After reading a couple of great pieces on Droid-life about how Android manufacturers seem to be moving at breakneck pace to advance hardware and iterate handsets like crazy, I had an idea - let's visualize it in different ways. First, we'll start with a pretty basic comparison, showing the US's four major carriers and the number of Android devices they currently offer.
Next, we'll see how much each of the major handset manufacturers contributes to these numbers at the present moment.
Still seems like a lot of phones - even with the devices using similar hardware platforms accounted for. But how many of those are real competitors to something like the iPhone 4 or 4S? We need to break it down further, based on real-world pricing.
*data based on 2-year upgrade pricing and availability on Amazon Wireless as of 10/28/11. Includes Galaxy Nexus and DROID RAZR (price >$100 assumed). Includes all shared platform models. Phones priced at $99.99 and higher.
Shared platforms skew the data here a bit, though - particularly with four different versions of Samsung's Galaxy S II smartphone floating around here in the states. There's also the fact that QWERTY keyboard phones aren't typically considered competitors to something like the iPhone. Let's just go with touch devices. How does the data look once we account for those copycats and keyboards?
*data based on 2-year upgrade pricing and availability on Amazon Wireless as of 10/28/11. Includes Galaxy Nexus and DROID RAZR. Shared platform duplicates excluded. QWERTY keyboard phones excluded. Phones priced at $99.99 and higher.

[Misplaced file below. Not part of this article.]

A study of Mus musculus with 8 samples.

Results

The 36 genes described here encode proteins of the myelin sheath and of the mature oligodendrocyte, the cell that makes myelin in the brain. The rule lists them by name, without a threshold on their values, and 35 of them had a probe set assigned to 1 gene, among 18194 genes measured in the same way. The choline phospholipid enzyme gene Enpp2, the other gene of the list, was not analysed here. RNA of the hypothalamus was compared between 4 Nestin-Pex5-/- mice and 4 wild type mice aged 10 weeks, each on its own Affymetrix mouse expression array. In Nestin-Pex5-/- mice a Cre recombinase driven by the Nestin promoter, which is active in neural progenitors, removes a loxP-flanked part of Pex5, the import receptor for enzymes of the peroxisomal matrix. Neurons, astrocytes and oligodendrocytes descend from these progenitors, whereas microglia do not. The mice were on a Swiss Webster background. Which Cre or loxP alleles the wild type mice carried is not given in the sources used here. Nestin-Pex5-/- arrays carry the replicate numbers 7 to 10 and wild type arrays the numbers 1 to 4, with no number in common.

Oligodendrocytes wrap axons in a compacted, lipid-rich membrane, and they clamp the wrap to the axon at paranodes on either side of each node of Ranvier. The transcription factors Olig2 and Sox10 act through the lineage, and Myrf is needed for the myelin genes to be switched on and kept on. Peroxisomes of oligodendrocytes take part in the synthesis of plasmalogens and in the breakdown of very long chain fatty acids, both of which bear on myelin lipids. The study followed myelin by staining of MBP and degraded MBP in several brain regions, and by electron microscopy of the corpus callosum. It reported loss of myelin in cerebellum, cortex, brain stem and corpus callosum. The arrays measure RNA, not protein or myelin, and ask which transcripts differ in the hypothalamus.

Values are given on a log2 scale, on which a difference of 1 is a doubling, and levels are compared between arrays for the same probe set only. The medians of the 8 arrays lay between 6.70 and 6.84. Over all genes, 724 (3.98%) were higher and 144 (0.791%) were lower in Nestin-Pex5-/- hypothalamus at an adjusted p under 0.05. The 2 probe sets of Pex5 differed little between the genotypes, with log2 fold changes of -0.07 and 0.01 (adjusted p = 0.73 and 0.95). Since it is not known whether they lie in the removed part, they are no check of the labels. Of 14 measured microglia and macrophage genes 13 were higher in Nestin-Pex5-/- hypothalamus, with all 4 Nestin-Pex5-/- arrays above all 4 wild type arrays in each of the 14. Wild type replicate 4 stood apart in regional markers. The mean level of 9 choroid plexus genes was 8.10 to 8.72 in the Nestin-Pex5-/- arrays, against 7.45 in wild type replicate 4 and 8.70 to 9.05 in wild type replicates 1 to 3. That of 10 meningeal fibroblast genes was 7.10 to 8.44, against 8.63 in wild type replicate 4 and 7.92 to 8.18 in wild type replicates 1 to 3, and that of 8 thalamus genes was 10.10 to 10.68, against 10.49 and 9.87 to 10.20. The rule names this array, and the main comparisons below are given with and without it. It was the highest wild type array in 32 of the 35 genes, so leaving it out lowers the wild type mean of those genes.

After seeing the graphic, you're probably wanting to see which phones these are. Let's list them out:
- T-Mobile G2x
- Verizon Revolution 4G
What does it all mean? Well - that's a matter of how you look at the information. Verizon is definitely has the largest number of high-end Android handsets currently, though the carrier's high pricing on 4G phones has a lot to do with that. It looks as though HTC currently makes the largest number of high-end touch platforms, and while the ThunderBolt is probably nearing the end of its life, so is Samsung's DROID Charge, meaning HTC would still be on top of the heap. But end of life and release timing is something we're going to save for part two of this series (if you can call it that), so keep an eye out.
Honestly, I just thought this would be some interesting information to plot out and share, so I hope you've enjoyed it.